The first tallies of votes on the UAW-Fiat Chrysler sellout contract show a resounding “no” from autoworkers at Mopar facilities in Michigan and Colorado.
Centerline, Michigan parts workers rejected the national agreement by a 65-35 margin for big division workers and 52-48 for skilled trades workers. At the small-sized parts center in Colorado, 65 percent of workers rejected the deal.
The UAW is growing increasingly nervous of workers’ opposition to its role as an agent of the corporations. The World Socialist Web Site learned from multiple sources in the Kokomo, Indiana transmission plant that a UAW informational meeting held Thursday morning erupted in shouting as workers voiced hostility to the UAW’s efforts to ram the sellout contract through.
“It was chaos,” said one Kokomo worker. “The union was dancing around the answers and didn’t tell us anything. Workers were asking questions but we got nothing. For example, why didn’t we have a union representative at our plant all of last night and there was an injury?
“The UAW peoples’ answers were, ‘we refuse to answer the question and please stop cursing.’ Tomorrow they’re holding the meeting at the school gym because they said they’re afraid its going to be mass chaos and that we’d tear up the new million dollar union hall.”
The union’s refusal to answer workers’ questions in Kokomo comes after tense meetings in Michigan. In Sterling Heights, the UAW called police on supporters of the Socialist Equality Party who were distributing the Autoworker Newsletter on the public sidewalk outside the union hall. The UAW also attempted to shut down a worker who quoted from the Autoworker Newsletter.
Momentum for a “no” vote is nevertheless growing amongst workers. The vote at Mopar comes after revelations that the new deal creates a third tier for Mopar workers and axle operators, with a cap of $22 an hour, significantly below the cap for second-tier workers company-wide.
A Centerline Mopar worker told the WSWS, “We voted both the national and the local contracts down and I’d say everyone needs to stick together. This contract is garbage so we need to vote it down.” The worker noted that the company and the UAW are relying on a campaign to penalize workers at plants that vote “no.”
“There was a meeting yesterday where they said they were going to start giving people time off for low performance. This is retaliation in anticipation of us voting no. They fired a shot across the bow, so to speak. A lot of it is intimidation.”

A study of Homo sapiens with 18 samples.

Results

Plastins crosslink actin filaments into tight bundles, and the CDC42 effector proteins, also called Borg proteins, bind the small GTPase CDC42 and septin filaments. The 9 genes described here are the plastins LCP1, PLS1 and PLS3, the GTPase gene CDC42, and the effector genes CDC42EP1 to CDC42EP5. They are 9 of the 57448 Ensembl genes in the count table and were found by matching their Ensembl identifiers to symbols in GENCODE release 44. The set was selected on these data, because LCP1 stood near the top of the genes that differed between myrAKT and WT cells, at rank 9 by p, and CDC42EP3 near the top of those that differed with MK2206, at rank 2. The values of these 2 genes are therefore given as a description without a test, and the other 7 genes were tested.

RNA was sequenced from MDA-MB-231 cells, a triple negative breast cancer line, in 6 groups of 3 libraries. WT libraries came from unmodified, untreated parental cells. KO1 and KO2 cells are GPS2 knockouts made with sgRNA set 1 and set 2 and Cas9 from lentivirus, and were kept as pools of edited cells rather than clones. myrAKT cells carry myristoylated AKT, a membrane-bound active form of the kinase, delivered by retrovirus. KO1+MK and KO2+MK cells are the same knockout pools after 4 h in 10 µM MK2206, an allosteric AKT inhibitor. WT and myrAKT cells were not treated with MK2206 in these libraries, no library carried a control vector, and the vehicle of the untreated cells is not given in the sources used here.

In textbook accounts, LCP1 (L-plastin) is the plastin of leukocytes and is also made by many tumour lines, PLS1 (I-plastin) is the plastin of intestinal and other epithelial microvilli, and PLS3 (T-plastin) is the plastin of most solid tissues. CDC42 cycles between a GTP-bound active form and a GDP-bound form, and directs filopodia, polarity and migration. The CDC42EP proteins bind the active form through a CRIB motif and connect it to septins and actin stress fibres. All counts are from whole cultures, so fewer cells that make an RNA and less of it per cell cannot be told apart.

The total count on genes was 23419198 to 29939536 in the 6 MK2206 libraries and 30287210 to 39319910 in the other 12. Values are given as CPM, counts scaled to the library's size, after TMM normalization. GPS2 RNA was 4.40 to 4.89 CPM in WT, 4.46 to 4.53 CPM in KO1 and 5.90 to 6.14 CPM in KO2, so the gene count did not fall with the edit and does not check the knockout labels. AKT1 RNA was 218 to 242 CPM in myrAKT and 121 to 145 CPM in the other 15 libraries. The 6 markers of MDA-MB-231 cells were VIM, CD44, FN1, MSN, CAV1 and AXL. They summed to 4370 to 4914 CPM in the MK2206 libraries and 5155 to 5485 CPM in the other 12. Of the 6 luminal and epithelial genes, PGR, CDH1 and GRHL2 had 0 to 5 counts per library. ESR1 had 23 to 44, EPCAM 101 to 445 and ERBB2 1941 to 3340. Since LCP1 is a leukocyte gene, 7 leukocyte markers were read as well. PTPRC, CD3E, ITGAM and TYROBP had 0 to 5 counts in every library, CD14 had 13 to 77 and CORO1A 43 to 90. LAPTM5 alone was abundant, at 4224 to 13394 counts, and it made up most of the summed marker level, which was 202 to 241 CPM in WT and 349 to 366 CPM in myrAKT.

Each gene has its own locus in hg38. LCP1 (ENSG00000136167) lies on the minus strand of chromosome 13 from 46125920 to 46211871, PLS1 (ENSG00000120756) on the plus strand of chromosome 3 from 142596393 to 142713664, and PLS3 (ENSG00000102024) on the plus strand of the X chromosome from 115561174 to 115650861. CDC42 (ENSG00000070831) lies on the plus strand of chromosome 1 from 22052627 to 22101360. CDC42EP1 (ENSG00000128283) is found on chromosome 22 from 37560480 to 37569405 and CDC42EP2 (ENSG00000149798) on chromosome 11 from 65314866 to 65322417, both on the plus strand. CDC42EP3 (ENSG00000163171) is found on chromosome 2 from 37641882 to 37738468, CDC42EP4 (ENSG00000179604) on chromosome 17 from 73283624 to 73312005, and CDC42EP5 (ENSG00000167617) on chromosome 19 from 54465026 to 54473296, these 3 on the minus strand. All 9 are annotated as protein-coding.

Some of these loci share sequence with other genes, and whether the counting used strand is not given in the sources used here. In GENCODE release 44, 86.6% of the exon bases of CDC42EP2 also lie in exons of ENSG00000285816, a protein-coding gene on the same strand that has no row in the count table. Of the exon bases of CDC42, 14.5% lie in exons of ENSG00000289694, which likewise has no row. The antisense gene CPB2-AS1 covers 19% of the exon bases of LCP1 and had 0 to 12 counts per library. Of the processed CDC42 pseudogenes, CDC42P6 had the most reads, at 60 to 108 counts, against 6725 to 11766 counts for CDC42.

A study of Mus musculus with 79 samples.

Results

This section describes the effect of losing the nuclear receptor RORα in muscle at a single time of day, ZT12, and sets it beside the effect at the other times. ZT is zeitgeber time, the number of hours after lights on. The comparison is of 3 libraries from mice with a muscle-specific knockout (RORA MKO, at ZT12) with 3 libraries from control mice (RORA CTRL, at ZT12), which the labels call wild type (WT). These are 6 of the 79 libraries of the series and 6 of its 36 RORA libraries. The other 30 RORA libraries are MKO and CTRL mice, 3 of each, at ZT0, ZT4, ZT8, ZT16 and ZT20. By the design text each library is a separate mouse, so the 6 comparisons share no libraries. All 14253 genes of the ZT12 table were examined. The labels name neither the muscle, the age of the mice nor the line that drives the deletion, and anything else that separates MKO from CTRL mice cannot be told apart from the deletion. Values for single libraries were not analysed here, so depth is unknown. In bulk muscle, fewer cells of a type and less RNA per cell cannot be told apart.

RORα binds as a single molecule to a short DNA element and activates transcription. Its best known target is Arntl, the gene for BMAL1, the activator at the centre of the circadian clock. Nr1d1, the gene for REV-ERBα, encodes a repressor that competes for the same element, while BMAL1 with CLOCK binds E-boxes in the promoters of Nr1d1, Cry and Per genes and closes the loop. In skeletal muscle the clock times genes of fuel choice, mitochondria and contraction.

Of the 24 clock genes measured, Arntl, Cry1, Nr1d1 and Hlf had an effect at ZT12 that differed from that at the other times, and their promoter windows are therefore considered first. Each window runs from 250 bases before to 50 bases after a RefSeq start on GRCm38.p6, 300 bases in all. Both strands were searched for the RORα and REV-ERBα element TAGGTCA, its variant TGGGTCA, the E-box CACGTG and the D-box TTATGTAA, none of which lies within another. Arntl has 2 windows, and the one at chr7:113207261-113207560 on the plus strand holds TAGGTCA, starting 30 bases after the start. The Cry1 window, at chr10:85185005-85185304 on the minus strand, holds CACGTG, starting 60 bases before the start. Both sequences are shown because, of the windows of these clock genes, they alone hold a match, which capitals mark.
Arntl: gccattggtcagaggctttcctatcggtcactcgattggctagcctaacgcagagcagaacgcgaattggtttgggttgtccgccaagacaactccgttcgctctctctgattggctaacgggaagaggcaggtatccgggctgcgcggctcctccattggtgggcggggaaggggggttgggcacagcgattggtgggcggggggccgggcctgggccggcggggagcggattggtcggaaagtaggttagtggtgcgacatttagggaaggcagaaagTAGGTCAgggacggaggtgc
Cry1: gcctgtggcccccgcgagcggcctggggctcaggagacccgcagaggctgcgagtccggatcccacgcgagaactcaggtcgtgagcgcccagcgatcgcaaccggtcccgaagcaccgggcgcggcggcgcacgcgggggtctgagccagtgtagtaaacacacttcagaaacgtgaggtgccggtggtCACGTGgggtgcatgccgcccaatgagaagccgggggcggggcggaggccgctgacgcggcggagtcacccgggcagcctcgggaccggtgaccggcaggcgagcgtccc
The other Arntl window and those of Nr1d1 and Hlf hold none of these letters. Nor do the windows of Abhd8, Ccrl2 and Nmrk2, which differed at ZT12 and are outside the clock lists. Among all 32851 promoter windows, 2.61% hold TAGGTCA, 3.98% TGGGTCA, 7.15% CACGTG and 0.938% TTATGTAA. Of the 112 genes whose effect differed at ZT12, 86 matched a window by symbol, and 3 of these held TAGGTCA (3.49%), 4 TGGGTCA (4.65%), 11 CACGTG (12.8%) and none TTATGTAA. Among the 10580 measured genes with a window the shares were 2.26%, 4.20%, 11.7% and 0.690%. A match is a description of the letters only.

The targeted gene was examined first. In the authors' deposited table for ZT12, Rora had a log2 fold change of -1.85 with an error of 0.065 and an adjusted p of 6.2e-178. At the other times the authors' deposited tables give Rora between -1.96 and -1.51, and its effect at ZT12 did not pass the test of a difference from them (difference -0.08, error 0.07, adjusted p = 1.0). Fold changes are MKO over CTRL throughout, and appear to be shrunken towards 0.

A GM autoworker in Colorado told the WSWS, “I think it was a just thing voting the contract down. They UAW is a very misleading entity right now and their representation is false. I support people for voting no.”
Many workers are coming to realize that a “no” vote is just the beginning of a fight against the UAW-company alliance, and that a “no” vote will not compel the union to come back with a better offer. “I think they’ll throw something on the signing bonus,” said the Centerline Mopar worker.
“But do I think anything is going to change in the big picture? No. You’ll see a little more cash and maybe some stupid bonus they throw in to try to get it to pass. The local officials are the salesmen for this contract. They are having strategy meetings and conference calls with the international to get it to pass next time. But we are very happy about our ‘no’ vote. People have had enough of this.”
The Colorado worker said, “If you look at the ballots the UAW is giving at Warren Truck in Detroit, having workers vote for both the local and national contract at once and then calling workers back for a re-vote…They got their hand caught in the cookie jar at Warren.”
The opposition of autoworkers is coming into direct conflict with the UAW, which does not represent the interests of workers. The UAW is an agency of management, and it must be thrown out. The WSWS calls on workers to take the initiative to form independent rank-and-file organizations at their plants, to organize opposition and develop lines of communication with all sections of the working class.
Do you have information about informational meetings in your area? Contact the WSWS to share your stories about the meetings and spread the word to autoworkers around the world.